Turow takes readers back to the beginning
His return to the characters that made him famous
Although Presumed Innocent was a blockbuster bestseller, it took you 23 years to publish a follow-up. Did you always intend to write a sequel to tie up loose ends?
To be honest, I thought for many years that I never would write a sequel. I always thought self-imitation is an inherently limiting thing for a writer, and I was afraid of trying to equal a book whose success at the time depended in part on breaking new ground. [But] at this stage, I was no longer worried about constraining myself. And by now, enough time has passed that I thought many people would be curious about Rusty—starting first of all with me.
Some of the events in Innocent eerily echo Rusty’s experiences in Presumed Innocent. How do you approach these parallel circumstances but twist them so they are fresh and new?
Well, I think one of the deepest truths about life is that people are sometimes compelled for reasons they don’t understand to keep repeating the same mistakes. So I regarded the parallel circumstances as deeply revealing of the character, and full of a meaning that wasn’t as clearly there the first time around. All the characters in Innocent are informed by the experience of the first book, and are trying desperately, in a paraphrase of Ecclesiastes, not to step in the same river twice.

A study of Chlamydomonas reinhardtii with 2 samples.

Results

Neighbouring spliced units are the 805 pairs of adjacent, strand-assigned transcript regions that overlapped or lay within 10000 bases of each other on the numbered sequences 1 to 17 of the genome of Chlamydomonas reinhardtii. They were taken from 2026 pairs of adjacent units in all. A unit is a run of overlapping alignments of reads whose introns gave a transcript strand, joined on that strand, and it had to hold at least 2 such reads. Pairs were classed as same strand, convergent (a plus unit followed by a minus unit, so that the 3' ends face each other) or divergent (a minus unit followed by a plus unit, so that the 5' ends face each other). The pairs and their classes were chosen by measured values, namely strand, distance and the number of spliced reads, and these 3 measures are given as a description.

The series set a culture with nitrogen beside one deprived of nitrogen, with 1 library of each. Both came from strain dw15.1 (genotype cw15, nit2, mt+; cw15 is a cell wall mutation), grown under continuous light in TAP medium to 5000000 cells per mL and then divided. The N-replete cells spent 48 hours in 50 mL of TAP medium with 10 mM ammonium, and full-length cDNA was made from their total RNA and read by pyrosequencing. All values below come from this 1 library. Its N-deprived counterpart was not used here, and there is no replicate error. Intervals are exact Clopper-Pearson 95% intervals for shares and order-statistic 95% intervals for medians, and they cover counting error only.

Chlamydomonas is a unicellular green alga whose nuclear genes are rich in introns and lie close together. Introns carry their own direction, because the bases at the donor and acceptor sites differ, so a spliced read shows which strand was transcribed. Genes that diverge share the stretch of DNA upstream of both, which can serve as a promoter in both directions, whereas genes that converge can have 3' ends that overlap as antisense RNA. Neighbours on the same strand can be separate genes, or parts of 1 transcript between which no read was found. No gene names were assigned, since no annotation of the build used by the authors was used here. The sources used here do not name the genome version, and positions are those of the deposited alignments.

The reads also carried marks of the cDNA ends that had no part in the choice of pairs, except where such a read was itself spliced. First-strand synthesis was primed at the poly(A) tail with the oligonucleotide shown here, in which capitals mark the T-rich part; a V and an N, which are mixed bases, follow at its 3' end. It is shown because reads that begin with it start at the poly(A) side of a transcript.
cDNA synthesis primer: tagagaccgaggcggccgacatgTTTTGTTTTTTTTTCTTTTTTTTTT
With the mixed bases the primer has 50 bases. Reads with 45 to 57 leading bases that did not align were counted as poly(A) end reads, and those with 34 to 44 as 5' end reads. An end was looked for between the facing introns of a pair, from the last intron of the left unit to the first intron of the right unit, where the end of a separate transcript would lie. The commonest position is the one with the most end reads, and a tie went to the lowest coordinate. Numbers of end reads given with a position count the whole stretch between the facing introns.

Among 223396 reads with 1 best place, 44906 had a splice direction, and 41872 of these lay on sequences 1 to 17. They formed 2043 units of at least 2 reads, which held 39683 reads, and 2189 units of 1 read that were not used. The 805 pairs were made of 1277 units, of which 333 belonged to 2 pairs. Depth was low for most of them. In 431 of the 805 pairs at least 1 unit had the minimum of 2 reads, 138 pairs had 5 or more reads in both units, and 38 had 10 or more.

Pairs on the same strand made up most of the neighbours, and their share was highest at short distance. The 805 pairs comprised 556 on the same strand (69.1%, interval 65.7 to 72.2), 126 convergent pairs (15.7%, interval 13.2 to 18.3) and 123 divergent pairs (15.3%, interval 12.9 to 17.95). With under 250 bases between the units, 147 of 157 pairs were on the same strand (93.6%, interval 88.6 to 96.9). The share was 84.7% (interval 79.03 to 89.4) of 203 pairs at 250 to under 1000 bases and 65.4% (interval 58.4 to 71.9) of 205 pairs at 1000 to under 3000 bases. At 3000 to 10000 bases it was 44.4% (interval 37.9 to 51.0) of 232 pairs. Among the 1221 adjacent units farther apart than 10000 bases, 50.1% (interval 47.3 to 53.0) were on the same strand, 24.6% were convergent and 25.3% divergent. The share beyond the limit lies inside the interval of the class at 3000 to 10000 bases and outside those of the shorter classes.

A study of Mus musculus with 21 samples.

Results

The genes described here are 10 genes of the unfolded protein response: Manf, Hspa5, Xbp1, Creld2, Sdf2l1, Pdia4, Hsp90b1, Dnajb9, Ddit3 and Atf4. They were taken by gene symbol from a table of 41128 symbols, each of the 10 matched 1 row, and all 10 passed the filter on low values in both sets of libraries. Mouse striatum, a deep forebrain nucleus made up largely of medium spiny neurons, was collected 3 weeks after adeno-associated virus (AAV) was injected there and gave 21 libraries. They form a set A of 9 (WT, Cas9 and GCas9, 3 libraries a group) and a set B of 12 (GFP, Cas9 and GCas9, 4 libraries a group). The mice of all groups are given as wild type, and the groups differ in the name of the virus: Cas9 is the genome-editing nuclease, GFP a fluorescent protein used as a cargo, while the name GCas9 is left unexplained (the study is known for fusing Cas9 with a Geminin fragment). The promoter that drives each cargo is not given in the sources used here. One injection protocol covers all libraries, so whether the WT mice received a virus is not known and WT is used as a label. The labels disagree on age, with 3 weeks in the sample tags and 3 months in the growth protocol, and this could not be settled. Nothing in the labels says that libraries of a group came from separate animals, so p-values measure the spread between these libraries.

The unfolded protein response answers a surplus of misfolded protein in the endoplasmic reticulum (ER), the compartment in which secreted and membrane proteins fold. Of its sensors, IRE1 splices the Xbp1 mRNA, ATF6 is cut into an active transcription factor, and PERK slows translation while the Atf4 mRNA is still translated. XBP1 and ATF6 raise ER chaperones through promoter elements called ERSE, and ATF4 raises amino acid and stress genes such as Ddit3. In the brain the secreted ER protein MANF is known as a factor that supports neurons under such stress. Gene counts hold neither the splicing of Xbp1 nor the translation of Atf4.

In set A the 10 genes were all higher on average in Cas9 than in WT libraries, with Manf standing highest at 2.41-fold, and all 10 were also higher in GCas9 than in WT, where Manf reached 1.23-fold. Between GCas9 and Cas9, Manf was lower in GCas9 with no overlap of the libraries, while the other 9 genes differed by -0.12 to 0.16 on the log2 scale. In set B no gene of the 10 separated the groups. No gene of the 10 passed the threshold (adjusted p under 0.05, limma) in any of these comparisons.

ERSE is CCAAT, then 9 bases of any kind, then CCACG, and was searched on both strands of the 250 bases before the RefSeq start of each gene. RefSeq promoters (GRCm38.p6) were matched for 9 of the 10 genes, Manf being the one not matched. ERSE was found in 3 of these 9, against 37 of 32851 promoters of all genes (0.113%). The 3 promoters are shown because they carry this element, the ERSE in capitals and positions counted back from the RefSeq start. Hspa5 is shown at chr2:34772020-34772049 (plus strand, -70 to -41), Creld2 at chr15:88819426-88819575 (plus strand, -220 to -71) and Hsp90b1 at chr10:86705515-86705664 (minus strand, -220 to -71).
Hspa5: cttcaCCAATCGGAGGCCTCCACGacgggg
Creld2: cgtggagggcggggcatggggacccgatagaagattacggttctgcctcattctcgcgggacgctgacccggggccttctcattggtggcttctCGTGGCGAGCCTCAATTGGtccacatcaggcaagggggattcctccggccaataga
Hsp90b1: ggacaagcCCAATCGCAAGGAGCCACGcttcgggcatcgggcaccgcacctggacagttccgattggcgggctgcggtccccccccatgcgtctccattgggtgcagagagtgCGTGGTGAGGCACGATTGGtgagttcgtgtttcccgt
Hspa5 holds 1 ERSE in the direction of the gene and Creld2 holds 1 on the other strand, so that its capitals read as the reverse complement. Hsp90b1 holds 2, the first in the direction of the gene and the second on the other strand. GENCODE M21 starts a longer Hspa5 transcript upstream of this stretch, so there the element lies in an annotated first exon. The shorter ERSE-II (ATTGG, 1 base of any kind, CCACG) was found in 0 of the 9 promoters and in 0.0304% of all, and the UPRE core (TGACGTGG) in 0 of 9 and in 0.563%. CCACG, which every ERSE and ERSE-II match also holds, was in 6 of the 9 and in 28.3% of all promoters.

Often lawyers who become authors of legal thrillers have a difficult time developing a fluid writing style, but your writing has always been gripping and accessible. What is your secret?
I was a novelist before I was a lawyer, having been a creative writing fellow at Stanford before I headed to law school. As a result, I was not trying to “find” my narrative voice after my style had been shaped by legal writing. I see legal writing as a distinct and somewhat limited voice that I’ve mastered, but one that does not really interfere with the creative voice I’d found before.
Given that you are still a practicing lawyer, what drives you to write fiction that also deals with the law?
I always say that the great break of my literary career was going to law school—it was one of the most fortuitous decisions of my life. I was a lecturer in the English department at Stanford, and for me going to law school meant giving up a teaching career. But I realized I was passionate about the law and the questions it asks, about deciding right from wrong for an entire society, fashioning rules that are firm yet flexible enough to fit the multitude of human circumstances. Those questions continue to preoccupy me. The truth is that I became not only a much more successful writer when I started writing about the law, but also a much better one as well, because I was writing about things that gripped me to the core.
The law often relies on individuals interpreting laws and regulations as best they can. To what extent do you think your novels contain characters and actions that are subject to the interpretation of your readers?
Without subscribing too heartily to deconstructionism, there is a truth that every reader reads a book his or her own way. But art of all kinds also depends on creating universals; in the case of narrative, we seek to create a fully imagined individual, a character, to whose life readers have something of a universal reaction. There are great differences in nuance in terms of readers’ responses, but if there is not a common element, a book is probably not a success.